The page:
Heiland Splitgrade Controller

Can the Heiland Splitgrade Controller help to promote darkroom printing?

by Christopher Osborne


The world of analogue photography has a mismatch. The introduction to the 2019 Ilford Photo Darkroom Printing Survey could not put it better. “We have seen sustained and continuous growth in film for a number of years. However, darkroom printing has not yet captured the hearts of film photographers in the same way”.

I can’t help wondering if part of the issue is the effort required to acquire the skill and experience to move from making OK prints to making really good quality prints. Perhaps this why many images shot on film are digitally printed (if they are printed at all)?

A few weeks before the pandemic, I was discussing the under-representation of analogue prints with the assistant director of an established arts foundation. They have been actively promoting the use of their darkroom facility both internally and externally, and usage is climbing at a healthy rate. But the output is still not making it onto the walls of their exhibitions.


The Heiland Splitgrade controller with an Ilford 500 head.


This started me thinking about the entry barriers to darkroom printing. According to Ilford Photo’s 2019 Darkroom Printing Survey, “a considerable majority (42%) would choose to learn by watching YouTube videos with only a combined 23% opting for paid courses. This supports the trend for ‘eLearning’ but goes against the views of experienced printers who appreciated the benefits of hands on tuition in a darkroom”.

I started wondering if technology could be used to help address this problem, and a subsequent discussion with Marwan Moyazen of SilverGrain Classics lead me to the Heiland Splitgrade controller.

Before going any further, it is worth remembering that split grade printing is a technique used with multigrade papers, where the exposure is made in two parts. Magenta light is used to expose the high contrast portions of a print i.e. the highlights and shadows and yellow light is used to expose for the mid-tones. Splitting these exposures apart allows more refined control during dodging and burning.

The Heiland’s Splitgrade controller is used to calculate both the required exposure and the required grade for prints. This is achieved by using a probe to identify the lightest grey and the darkest shadow areas where texture needs to be shown.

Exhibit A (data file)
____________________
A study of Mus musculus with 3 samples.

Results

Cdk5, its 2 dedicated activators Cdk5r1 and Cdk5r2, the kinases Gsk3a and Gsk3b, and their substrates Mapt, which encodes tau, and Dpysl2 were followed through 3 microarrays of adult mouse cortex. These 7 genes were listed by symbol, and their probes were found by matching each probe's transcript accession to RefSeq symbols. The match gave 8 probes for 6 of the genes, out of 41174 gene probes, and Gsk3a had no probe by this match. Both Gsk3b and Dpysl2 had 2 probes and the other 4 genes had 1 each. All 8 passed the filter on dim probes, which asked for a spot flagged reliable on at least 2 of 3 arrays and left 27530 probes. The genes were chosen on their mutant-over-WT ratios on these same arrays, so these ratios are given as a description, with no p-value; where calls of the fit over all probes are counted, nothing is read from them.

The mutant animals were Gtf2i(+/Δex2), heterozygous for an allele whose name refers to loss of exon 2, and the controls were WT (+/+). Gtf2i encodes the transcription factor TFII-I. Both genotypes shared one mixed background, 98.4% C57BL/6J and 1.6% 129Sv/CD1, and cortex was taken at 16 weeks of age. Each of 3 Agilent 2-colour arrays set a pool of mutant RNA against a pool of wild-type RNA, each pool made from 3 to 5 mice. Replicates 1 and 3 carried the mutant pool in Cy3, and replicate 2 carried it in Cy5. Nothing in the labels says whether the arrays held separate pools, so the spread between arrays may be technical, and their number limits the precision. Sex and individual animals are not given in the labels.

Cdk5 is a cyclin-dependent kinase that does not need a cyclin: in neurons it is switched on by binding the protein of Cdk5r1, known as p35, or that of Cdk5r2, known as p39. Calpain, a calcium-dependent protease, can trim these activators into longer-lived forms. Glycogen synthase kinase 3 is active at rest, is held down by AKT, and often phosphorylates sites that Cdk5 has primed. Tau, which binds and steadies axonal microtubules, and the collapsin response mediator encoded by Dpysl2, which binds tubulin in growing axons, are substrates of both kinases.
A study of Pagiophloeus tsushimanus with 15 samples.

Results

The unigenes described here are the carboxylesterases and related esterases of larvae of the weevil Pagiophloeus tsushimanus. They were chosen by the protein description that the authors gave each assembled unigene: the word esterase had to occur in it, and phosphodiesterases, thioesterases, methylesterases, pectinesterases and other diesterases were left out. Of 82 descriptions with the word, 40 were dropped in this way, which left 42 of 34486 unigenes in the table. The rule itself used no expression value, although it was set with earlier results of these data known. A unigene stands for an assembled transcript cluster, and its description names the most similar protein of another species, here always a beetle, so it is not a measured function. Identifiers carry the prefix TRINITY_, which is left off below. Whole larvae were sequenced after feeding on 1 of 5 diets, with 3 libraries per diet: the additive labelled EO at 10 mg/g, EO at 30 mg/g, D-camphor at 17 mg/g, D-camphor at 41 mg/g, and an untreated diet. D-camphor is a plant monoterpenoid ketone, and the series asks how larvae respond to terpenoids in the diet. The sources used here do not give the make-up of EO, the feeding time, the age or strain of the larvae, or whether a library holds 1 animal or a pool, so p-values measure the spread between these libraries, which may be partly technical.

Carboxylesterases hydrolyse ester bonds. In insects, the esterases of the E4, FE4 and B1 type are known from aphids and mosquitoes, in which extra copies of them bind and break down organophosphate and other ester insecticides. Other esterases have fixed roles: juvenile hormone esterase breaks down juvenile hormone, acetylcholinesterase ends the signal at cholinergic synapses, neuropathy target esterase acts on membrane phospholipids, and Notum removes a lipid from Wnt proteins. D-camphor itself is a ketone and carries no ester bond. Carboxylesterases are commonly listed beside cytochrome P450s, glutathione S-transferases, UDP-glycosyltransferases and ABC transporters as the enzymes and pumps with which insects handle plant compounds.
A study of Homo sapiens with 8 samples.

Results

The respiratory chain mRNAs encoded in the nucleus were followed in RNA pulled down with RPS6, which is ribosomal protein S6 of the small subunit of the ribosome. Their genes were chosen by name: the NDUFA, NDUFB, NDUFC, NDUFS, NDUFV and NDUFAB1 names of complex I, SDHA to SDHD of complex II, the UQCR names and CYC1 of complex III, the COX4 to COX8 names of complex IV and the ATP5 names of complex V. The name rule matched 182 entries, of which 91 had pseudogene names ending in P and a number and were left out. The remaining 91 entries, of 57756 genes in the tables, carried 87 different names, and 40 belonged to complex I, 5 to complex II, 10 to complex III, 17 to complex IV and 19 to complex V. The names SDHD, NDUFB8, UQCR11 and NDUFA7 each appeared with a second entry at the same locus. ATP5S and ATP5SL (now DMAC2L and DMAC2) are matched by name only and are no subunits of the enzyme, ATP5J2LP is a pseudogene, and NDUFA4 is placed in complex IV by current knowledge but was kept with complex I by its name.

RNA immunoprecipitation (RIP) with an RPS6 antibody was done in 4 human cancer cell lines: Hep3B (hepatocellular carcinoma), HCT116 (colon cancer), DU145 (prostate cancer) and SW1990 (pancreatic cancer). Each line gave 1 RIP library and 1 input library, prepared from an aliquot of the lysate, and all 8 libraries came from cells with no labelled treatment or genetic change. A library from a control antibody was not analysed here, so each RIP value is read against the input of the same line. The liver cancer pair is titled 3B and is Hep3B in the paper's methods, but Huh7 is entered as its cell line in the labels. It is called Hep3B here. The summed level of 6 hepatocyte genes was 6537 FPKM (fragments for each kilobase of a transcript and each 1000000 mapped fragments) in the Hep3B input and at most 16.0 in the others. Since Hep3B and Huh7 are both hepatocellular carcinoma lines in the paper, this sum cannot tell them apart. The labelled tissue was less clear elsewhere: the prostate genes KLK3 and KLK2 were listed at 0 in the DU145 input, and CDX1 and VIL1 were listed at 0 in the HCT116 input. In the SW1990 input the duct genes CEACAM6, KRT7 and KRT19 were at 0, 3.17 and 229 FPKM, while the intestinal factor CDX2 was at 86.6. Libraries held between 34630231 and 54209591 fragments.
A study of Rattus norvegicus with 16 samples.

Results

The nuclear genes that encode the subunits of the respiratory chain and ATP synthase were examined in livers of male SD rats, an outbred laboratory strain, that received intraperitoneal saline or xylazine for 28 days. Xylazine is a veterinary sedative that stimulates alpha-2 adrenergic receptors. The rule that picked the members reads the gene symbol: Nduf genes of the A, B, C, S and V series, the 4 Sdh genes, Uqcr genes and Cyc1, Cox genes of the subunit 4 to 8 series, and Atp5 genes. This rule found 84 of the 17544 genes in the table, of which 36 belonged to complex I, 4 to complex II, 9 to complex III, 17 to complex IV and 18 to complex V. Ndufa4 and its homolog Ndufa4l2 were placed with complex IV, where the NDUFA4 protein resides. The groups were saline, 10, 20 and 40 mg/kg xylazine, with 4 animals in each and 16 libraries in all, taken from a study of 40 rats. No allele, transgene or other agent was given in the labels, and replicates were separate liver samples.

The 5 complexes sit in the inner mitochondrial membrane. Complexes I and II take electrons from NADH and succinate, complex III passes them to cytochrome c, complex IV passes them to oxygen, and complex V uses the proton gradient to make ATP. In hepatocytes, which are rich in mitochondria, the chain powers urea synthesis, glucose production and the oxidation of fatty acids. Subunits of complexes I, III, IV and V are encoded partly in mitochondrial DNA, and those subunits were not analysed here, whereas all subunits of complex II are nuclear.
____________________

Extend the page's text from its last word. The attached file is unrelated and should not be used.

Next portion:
The controller can be used in three ways. Firstly, it can be integrated with a Heiland re-engineered colour head. The clever folks at Heiland can upgrade enlarger heads from Durst, Leica, Kaiser and others so that the controller can automatically change the settings on the head. Secondly, it can be used as a standalone unit and the measurement results manually entered onto an enlarger head or used to select the correct manual filters. And finally the controller can be used to control an enlarger with an Ilford 100 or 500 head.

I chose to go down the Ilford 500 route because I was lucky enough to inherit a 4×5 enlarger with one of these heads. Installation was simple. Unplug the Ilford key pad and replace it with the Heiland controller through a Heiland Ilford interface box. I also took the opportunity to control my safelights through the Heiland unit. They now turn off automatically when the controller is on.

The Heiland unit is easy to use. It has 5 control pages: Paper type, exposure and grade.

  1. Exposure and grade burning & dodging schedule
  2. Selection of highlight, midtone or shadow as the fixed point for changes
  3. Entry of an offset exposure and grade for global tuning
  4. Test strip management (by f-stop, time or grade)

The unit comes pre-loaded with calibrated data for common paper types and developers and is therefore ready to go out of the box. I wasn’t using one of these combinations, so I did spend a couple of hours printing calibrated test strips to set my unit up.

I chose a difficult very high contrast negative for my first print. It is an image with bright sunlight mixed with deep leafy shadows. The first print was good. I modified the second attempt by reducing the grade by 0.5 in order to slightly increase the mid-tone values and it was exactly what I had envisaged.

I have spent six full days in the darkroom, have printed my way through just over 24m2 of paper. I have used every feature that this unit offers. Looking back through my notes, just over 80% of the final prints have taken one or two attempts. I have needed far less dodging and burning because of good selection of split grades. The reminder have taken five or more. Without exception, these are all from difficult to print negatives. But, my hit rate is improving, and in one case I was surprised to find that the controller did a far better job of recognising the lightest area with texture than I had thought possible.

So, can this unit help photographers who intermittently visit the darkroom to make better work? Yes, without shadow of a doubt. Does it do away with the need for experience? Not really. To get really good results, the printer needs to know what they can expect a setting change to achieve. Could this unit help reduce the experience entry barrier? Absolutely. However, a mixture of online and physical courses will help hugely.


I have now used the Heiland Splitgrade controller for five months. I have run my own calibration for my developer/temperature/paper combination.
I can now make test prints on say Multigrade IV and then switch the unit so say Ilford FB (fibre) paper and make the final print.